With the beginning of the new school year right around the corner, many new and veteran teachers are wondering about their new students. I remember lying awake at night thinking about how I was going to set up my classroom, change my classroom management, and wondering what the new families would be like and what they would bring to my classroom. I knew it was always about the children and what was best for them. Was it better to have the library center by the art center, or the block center, or completely alone where it was quiet? Did my classroom schedule have enough large groups, small groups, center/free choice, and one-on-one time included? I can still remember this time of the year working in my classroom. Cleaning tables, pulling out new bulletin boards, writing my students' names on their cubbies, tables, the birthday calendar, etc, and I was always so excited!

Important Things to Know:

  • The teacher is expected to know the school policies.
  •  Read the handbook and ask questions. 
  • For the first day and every day for the next 30 years, make sure you always over-plan. This does not mean running off more worksheets; it means being creative, knowing your students and understanding things happen and you must change and adapt.
  • Know where to make copies, know the bathroom, recess, lunch, and arrival and dismissal procedures.
  • Get to know the people you are working with, including the custodians, librarians, principals, and secretary. 
  • Make folders for each student with essential forms and information, so you can quickly get to pertinent information you may need later.

Back To School Night

Send out invites or personally call your families.

This night can be made all about your students and their new classroom. 

This is a time for you:

  •  To introduce yourself, hand out important papers/packets, speak with the families, allow the children to explore, sit back, have fun, and observe. For these things to happen, you must be organized. You must be ready when the first group enters your classroom. 
  • Your classroom must be set up with appropriate areas that belong to each student. For example, there must be a cubby for their belongings, a place for their backpack and coat, an area (table, desk, etc.) that belongs to each child and is labeled with their name, and appropriate areas they will see on the first day of school such as centers, carpet area, the teacher's desk, etc.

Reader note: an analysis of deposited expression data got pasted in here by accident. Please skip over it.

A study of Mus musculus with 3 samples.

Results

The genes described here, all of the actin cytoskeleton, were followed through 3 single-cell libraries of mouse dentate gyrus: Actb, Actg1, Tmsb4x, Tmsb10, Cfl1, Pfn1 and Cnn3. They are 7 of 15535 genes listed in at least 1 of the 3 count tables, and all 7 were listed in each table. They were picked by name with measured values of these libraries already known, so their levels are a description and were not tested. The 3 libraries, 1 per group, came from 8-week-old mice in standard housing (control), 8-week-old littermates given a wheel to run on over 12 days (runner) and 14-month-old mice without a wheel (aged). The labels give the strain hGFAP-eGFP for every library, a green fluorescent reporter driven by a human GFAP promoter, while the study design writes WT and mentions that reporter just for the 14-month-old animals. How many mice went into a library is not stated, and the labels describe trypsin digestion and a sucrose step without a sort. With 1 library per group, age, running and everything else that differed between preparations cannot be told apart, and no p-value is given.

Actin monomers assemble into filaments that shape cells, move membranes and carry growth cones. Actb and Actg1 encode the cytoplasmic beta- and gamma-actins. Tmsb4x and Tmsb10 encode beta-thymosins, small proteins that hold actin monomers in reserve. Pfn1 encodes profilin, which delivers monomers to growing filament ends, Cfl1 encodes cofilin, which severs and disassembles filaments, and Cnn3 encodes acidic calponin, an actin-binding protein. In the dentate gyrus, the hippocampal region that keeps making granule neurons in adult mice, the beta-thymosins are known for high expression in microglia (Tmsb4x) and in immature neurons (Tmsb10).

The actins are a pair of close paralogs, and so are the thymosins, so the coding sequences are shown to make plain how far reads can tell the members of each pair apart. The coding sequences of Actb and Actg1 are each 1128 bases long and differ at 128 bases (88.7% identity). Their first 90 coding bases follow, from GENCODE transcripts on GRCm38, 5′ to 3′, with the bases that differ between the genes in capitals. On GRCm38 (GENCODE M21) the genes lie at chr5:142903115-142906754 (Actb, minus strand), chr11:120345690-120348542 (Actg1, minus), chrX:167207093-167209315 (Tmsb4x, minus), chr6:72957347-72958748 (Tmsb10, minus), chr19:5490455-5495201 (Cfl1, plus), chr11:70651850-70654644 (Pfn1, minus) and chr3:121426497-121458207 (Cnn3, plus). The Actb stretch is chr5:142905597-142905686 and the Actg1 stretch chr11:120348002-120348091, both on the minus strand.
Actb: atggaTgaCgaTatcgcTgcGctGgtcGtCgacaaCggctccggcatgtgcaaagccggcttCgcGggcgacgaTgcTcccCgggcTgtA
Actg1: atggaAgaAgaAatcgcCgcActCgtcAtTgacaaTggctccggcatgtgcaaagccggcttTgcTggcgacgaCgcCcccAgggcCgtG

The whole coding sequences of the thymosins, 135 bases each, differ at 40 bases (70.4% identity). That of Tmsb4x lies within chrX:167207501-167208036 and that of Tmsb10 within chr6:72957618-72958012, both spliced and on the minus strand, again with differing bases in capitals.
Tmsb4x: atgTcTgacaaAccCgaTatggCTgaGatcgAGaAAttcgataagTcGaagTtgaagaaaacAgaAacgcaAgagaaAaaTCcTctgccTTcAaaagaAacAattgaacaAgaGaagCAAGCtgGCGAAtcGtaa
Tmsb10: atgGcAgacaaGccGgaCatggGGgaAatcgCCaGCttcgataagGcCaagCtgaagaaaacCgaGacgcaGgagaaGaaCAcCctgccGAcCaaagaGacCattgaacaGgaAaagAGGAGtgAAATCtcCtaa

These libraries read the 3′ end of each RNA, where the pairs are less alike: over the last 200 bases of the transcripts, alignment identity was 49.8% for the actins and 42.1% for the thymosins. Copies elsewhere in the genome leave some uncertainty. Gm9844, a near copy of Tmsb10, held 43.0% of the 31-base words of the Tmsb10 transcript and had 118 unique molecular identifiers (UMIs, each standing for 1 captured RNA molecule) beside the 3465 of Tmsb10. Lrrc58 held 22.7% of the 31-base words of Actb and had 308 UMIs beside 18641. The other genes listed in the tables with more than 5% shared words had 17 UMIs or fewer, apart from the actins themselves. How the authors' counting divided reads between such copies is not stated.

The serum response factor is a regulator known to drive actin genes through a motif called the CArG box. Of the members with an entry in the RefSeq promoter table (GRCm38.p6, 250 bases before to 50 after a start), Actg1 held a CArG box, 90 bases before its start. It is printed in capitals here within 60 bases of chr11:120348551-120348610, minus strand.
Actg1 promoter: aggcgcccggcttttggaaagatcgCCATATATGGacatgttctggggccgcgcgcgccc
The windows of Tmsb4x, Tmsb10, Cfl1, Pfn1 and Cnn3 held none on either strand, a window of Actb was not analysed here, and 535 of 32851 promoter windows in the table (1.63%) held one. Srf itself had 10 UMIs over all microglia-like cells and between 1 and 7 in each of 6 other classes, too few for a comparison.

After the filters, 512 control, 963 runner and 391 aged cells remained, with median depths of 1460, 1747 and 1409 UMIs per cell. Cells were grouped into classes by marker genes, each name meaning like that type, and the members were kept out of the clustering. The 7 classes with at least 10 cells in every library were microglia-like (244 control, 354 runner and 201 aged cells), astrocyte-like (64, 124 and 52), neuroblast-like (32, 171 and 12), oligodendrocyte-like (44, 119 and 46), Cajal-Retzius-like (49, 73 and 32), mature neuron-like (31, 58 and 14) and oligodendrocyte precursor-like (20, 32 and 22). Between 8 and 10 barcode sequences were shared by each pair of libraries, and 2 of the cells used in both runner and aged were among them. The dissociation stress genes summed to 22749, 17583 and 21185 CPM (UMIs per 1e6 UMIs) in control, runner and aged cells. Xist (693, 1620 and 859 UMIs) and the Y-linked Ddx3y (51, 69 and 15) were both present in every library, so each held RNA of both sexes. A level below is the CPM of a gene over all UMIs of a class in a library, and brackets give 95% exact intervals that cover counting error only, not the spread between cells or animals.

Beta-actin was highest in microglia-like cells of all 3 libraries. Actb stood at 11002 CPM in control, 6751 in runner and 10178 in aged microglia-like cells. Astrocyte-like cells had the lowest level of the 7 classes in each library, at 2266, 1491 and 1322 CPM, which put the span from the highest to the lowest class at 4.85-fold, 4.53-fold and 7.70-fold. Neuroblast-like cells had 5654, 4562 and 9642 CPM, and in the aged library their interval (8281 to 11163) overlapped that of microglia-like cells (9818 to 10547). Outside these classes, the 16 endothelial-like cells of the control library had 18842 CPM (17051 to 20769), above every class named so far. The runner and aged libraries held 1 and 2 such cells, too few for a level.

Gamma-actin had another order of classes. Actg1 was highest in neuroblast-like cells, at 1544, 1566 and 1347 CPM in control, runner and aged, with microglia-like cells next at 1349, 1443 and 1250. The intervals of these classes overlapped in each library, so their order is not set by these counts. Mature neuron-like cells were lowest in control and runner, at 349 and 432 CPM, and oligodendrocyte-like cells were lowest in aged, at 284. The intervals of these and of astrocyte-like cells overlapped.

•  It is important for you to have the daily schedule posted for families to see also. 
  • Many times families will bring supplies this night, so there must be an area for them to leave the supplies. Don’t forget this may be a child’s very first time at school, so families and children may be a little nervous, so the teacher must be positive, warm, and inviting.

First Day Of School

Everyone is excited. There are many emotions from the students and their families. Be kind and considerate, as this may be the first time a child is away from their family. Teachers should start and end the day just as you would for every day for the rest of the year. 

Today: (and every day)

  • Greet each child as they enter the classroom
  • Teach Procedures
  • Get to know your students
  • Students get to know their new peers
  • Show students around the school (essential places)
  • Plan, Plan, Plan (organization)
  • Have activities for children to do as you are teaching about their new classroom

The first week of school is all about acclimating your students to their new environment. It is about getting to know the students and their families, teaching procedures, and introducing new ideas that will carry across into the entire school year. Begin creating an atmosphere of warm, loving, kind, and welcoming individuals. Build relationships, earn trust, and be organized. An amazing teacher learns to adapt from year to year and knows her classroom and students.